In 1935, when his train is stopped by deep snow, detective Hercule Poirot is called on to solve a murder that occurred in his car the night before.



Pierre (as Jean Pierre Cassel)


Famous detective Hercule Poirot is on the Orient Express, but the train is caught in the snow. When one of the passengers is discovered murdered, Poirot immediately starts investigating. Written by Murray Chapman <muzzle@cs.uq.oz.au>

Plot Summary | Plot Synopsis


The Who's Who in the Whodunnit! See more »


Crime | Drama | Mystery


PG | See all certifications »

Parents Guide:






24 November 1974 (USA)  »

Also Known As:

Mord im Orient-Express  »

Filming Locations:


Box Office


£1,500,000 (estimated)

Company Credits

Show detailed on  »

Technical Specs


Sound Mix:



Aspect Ratio:

1.66 : 1


Richard Widmark agreed to do the movie just to have the chance to meet the other stars. See more »


The film takes place in 1935. Not only is the French locomotive incorrect, but it bears a SNCF number. The SNCF was not formed until 1938 when the French railways were nationalized. See more »


[first lines]
Ferry conductor: Your ticket, please.
Mary Debenham: Oh, yes.
Ferry conductor: Welcome aboard, Miss Debenham.
Mary Debenham: Thank you.
See more »


Followed by Murder in Three Acts (1986) See more »


On the Good Ship Lollipop
Music by Richard A. Whiting
Played by the band at the restaurant
See more »

Frequently Asked Questions


When Agatha Christie Finally Came Into Her Own Cinematically
1 January 2006 | by (United States) – See all my reviews

Agatha Christie lived long enough to enjoy something few of her contemporaries could claim.

Movies based on Christie's novels and stories were being made back to the 1930s. One early one with Charles Laughton as Hercule Poiret so turned her off that she was hesitant about future productions of her work. But they were made - like the two versions of LOVE FROM A STRANGER. There were two high points: Rene Clair's AND THEN THERE WERE NONE and Billy Wilder's WITNESS FOR THE PROSECUTION (oddly enough with Laughton again, but in a better fitting performance). Then came the popular series of Miss Marple films with Margaret Rutherford, which were rewritten to emphasize Rutherford's comic abilities (and to give Miss Marple a companion - Mr. Stringer, played by Rutherford's husband Stringer Davis). Another attempt at Poirot was made, again as a comic film, THE A.B.C.MURDERS (with Tony Randall as Poirot). Christie was not amused. But in 1974 she saw her vision of Hercule Poirot as a character put properly on screen by Albert Finney in MURDER ON THE ORIENT EXPRESS.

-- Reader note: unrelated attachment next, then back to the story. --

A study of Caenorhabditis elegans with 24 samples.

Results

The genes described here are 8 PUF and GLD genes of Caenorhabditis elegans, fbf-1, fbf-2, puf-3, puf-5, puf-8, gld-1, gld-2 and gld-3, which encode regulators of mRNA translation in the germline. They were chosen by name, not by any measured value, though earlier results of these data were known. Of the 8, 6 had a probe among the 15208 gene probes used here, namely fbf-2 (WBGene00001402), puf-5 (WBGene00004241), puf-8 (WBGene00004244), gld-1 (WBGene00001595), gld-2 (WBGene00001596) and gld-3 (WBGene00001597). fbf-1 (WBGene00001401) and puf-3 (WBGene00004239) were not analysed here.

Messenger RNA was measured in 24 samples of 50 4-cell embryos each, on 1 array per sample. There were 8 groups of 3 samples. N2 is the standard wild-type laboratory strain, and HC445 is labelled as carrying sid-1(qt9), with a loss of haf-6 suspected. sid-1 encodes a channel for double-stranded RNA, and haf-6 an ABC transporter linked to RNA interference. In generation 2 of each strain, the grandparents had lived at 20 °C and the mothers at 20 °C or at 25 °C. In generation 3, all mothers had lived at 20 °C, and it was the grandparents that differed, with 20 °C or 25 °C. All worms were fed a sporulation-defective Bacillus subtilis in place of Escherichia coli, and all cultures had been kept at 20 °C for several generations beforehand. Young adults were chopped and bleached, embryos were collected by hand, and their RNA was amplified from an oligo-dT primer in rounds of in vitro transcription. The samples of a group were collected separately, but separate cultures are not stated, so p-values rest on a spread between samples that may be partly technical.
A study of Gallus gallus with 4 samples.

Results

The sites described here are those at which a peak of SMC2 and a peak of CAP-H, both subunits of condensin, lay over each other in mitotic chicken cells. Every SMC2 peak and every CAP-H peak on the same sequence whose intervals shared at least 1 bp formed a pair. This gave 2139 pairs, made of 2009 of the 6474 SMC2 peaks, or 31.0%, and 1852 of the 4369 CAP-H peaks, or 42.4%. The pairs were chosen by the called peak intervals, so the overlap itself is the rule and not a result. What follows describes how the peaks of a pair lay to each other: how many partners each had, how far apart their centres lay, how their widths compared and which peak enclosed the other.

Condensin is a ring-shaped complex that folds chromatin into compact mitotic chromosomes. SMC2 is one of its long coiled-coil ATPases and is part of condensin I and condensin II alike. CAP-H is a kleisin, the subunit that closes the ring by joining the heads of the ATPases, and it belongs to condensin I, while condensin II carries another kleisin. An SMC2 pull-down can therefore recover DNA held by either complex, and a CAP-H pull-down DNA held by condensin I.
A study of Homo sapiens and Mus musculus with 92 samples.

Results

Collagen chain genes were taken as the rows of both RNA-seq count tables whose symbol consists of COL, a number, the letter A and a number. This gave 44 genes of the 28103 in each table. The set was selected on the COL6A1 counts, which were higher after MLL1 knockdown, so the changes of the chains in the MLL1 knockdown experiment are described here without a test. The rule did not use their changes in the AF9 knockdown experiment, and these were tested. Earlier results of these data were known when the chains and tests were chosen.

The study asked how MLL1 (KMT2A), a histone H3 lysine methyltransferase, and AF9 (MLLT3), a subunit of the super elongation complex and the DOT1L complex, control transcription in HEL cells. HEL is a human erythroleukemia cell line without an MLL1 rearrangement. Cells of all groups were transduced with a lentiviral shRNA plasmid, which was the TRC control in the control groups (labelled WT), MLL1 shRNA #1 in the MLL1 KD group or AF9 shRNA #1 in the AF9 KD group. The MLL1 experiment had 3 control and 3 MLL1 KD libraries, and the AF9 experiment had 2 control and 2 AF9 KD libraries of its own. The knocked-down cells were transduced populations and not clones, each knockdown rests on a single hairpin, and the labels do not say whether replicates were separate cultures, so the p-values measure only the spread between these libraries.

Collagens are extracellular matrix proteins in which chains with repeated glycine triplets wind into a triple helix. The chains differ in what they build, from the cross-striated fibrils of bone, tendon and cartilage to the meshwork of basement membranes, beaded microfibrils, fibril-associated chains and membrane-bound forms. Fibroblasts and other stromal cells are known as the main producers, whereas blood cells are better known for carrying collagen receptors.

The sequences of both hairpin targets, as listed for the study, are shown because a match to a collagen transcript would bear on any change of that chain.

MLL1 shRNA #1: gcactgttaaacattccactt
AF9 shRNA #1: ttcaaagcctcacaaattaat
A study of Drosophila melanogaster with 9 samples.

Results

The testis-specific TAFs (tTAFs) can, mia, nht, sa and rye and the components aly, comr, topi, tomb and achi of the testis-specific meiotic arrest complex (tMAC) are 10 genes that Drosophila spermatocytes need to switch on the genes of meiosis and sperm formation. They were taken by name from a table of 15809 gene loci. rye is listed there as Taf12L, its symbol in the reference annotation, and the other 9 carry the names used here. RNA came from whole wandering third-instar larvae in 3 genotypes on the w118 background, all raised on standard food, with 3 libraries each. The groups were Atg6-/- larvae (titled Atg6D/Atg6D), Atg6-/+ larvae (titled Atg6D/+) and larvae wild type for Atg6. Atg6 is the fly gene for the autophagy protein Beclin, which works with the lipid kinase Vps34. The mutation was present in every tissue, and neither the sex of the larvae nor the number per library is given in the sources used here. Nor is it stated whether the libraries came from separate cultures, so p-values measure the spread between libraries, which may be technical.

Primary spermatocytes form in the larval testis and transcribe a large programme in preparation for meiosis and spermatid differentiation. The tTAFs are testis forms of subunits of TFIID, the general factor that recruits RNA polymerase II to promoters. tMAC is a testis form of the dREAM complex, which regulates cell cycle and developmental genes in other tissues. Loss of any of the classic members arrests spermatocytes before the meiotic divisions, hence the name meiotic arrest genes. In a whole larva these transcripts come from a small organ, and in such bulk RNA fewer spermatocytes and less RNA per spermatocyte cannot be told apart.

It gave her a satisfaction that few mystery novelists of her age ever had. Dorothy Sayers did live to see Lord Peter Wimsey played by Robert Montgomery in BUSMAN'S HONEYMOON, but while entertaining it was not the Wimsey that she created - she died before she could see Ian Carmichael play the role on a series of television multi-episodes shows based on her novels. While Josephine Tey's novels occasionally were made into films, her Inspector Grant was not turned into a good running series character.

I think that the reason that Agatha Christie was satisfied was the care that Sidney Lumet took with MURDER ON THE ORIENT EXPRESS. Not only the all star cast involved, but keeping the story in the late 1920s to early 1930s style, with clothing, vehicles, and class snobbery maintained. It actually helped preserve the novel's effectiveness.

The casting is quite good. Poirot is ably played by Finney, who is fussy but also serious and sharp when going over the clues and interrogations. Martin Balsam as his friend, the railroad official, is properly "watsonish", constantly jumping at conclusions as to who the killer is. Interestingly forgotten in the background is the only other passenger we learn of that is not under suspicion, the Greek doctor who assists Poirot (George Coulouris). In the 1940s Coulouris would have been a red herring at least.

The suspects (led by Lauren Bacall and Wendy Hiller) are properly snobbish (especially Sean Connery). They are even snobbish towards each other. But the question of who killed the victim is handled to constantly throw off the viewers. It is one of the most perfectly balanced whodunits.

I only have one minor criticism. The murder centers on a "Lindbergh" kidnap-murder tragedy of the past, and the killer has to be someone after the real brains behind the tragedy. So all the suspects happen to be connected to the victim(s). But as it turns out there was one victim who was overlooked - the patsy killer (based on Hauptmann?) who was frightened into committing the crime and was hanged. It would have been interesting if the family of this criminal also had been represented among the suspects.